The modification of F9F-8 to fit the F9F-8P formatEdit
The modification made to eliminate the guns and related equipment and incorporate the photographic equipment and automatic pilot, plus their controls and instruments has resulted in the following changes:
- Rearrangement of electronics equipment installed in the area enclosed by the fuselage nose section, lengthening of this section by 12 inches, and shortening of the sliding nose section.
- Rearrangement of the left and right consoles and the main instrument panel to provide space for the controls associated with the additional equipment.
- Some minor changes of the fuselage structure and equipment installations to provide for the necessary ducting control for hot air from the engine compressor, which is used for defrosting the camera windows and heating the camera compartment.
- Removal of all armament and the Armament Control System, removal of AN/APG-30 system and installation of an additional armor plate bulkhead.
Despite missing combat action in the Korean war, the Navy put the F9F Cougar to good technical use by setting the transcontinental crossing record on April 1, 1954. Three pilots from fleet squadron VF-21 completed the 2,438-mile flight in under four hours with LCdr. F.X. Brady setting the quickest time of 3 hours 45 minutes and 30 seconds. This was the first time the distance had been covered in under four hours. The three F9F-6 aircraft refueled over Kansas from a North American AJ Savage, using an experimental refueling probe mounted on the nose.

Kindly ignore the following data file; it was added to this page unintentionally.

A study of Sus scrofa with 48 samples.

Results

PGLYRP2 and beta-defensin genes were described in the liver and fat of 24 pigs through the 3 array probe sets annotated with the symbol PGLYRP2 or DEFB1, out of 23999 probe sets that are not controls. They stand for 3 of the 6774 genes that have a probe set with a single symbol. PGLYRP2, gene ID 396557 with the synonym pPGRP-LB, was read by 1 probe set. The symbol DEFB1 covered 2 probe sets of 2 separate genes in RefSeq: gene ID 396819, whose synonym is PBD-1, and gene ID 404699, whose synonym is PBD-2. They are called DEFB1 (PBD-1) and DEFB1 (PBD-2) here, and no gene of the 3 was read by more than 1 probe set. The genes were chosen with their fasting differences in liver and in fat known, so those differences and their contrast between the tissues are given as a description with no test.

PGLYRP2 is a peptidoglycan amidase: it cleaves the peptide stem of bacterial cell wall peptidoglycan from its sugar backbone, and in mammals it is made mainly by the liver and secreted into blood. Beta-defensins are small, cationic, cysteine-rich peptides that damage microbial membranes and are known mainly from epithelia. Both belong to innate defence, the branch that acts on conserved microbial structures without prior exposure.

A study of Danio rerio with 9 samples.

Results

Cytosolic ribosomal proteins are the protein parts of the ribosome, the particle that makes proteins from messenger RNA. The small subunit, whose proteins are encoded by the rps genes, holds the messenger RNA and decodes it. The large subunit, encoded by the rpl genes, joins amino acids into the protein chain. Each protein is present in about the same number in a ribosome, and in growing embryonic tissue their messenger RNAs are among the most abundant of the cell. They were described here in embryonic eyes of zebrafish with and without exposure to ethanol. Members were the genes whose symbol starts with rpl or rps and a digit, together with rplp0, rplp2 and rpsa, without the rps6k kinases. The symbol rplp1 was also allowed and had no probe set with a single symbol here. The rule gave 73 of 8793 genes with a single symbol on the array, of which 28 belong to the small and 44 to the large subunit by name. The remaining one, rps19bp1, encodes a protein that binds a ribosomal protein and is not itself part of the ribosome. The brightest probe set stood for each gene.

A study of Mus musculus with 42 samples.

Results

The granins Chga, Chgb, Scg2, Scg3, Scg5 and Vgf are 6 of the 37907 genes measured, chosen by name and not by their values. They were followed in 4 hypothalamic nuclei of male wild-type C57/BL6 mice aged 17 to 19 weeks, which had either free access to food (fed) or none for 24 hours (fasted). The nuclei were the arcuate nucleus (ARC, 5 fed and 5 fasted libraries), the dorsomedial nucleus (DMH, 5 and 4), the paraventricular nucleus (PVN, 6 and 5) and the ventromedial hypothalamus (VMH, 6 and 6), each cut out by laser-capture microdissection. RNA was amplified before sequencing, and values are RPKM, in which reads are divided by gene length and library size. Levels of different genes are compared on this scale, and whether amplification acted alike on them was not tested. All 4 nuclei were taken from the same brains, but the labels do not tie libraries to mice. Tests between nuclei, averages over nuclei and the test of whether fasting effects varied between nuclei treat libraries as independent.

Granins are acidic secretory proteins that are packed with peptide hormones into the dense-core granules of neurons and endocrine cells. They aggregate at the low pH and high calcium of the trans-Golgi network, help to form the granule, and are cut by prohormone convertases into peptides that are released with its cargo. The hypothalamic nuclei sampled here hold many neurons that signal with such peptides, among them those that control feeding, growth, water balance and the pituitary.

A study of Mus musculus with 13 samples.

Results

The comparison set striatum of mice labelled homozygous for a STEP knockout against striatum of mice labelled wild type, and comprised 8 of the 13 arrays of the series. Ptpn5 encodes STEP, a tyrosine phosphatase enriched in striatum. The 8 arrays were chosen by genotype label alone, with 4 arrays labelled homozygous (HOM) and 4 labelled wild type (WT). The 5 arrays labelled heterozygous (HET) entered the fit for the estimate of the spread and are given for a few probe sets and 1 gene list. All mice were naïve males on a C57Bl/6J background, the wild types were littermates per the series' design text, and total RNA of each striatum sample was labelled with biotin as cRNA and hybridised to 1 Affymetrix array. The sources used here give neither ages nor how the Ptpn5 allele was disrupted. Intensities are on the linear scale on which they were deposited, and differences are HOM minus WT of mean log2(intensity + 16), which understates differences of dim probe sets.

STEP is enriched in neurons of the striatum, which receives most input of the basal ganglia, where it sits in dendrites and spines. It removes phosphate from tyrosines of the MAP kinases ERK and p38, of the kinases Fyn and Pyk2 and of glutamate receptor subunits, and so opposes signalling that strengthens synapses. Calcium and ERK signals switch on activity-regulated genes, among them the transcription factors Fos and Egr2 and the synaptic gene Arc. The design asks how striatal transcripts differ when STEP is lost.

The Cougar was the first jet to break the sound barrier over Argentina.
Usage in the USA began with the USN and then later with the USN's Blue Angels display team. The first F9F-6s were assigned to fleet squadron VF-32 at the end of 1952. The First F9F Cougar squadron to actually deploy was VF-24, assigned to the USS Yorktown in August 1953 but arrived too late to the Korean theater to participate in the air war.
The only version of the Cougar to see combat was the TF-9J trainer (until 1962, F9F-8T). Detachments of four Cougars served with US Marines Headquarters and Maintenance Squadron 11 (H&MS-11) at Da Nang and H&MS-13 at Chu Lai, where they were used for fast-Forward Air Control and the airborne command role, directing airstrikes against enemy positions in South Vietnam between 1966 and 1968.
F9F-8s were withdrawn from front-line service in 1958–59, replaced by F11F Tigers and F8U Crusaders. The Naval Reserves used them until the mid-1960s, but none of the single-seat versions were used in the Vietnam War.
The TF-9J had a long service with the U.S. Navy, but the proposed Cougar modification (reengined with a J52 engine) was rejected, and the Navy selected the TA-4F Skyhawk. The last Cougar was phased out when VT-4 re-equipped on February 1974. A F9F-8T, BuNo 14276, is displayed at the National Museum of Naval Aviation, Pensacola.
The only foreign air arm to use the F9F Cougar was the Argentine Naval Aviation, who also used the F9F Panther as well. Two F9F-8T trainers were acquired in 1962, and served until 1971. The Cougar was the first jet to break the sound barrier in Argentina. One aircraft (serial 3-A-151) is on display at the Naval Aviation Museum (MUAN) at Bahía Blanca, while the other was sold to an owner in United States.
The Argentine navy were greatfull for the significant upgrade to their air force these plains provided.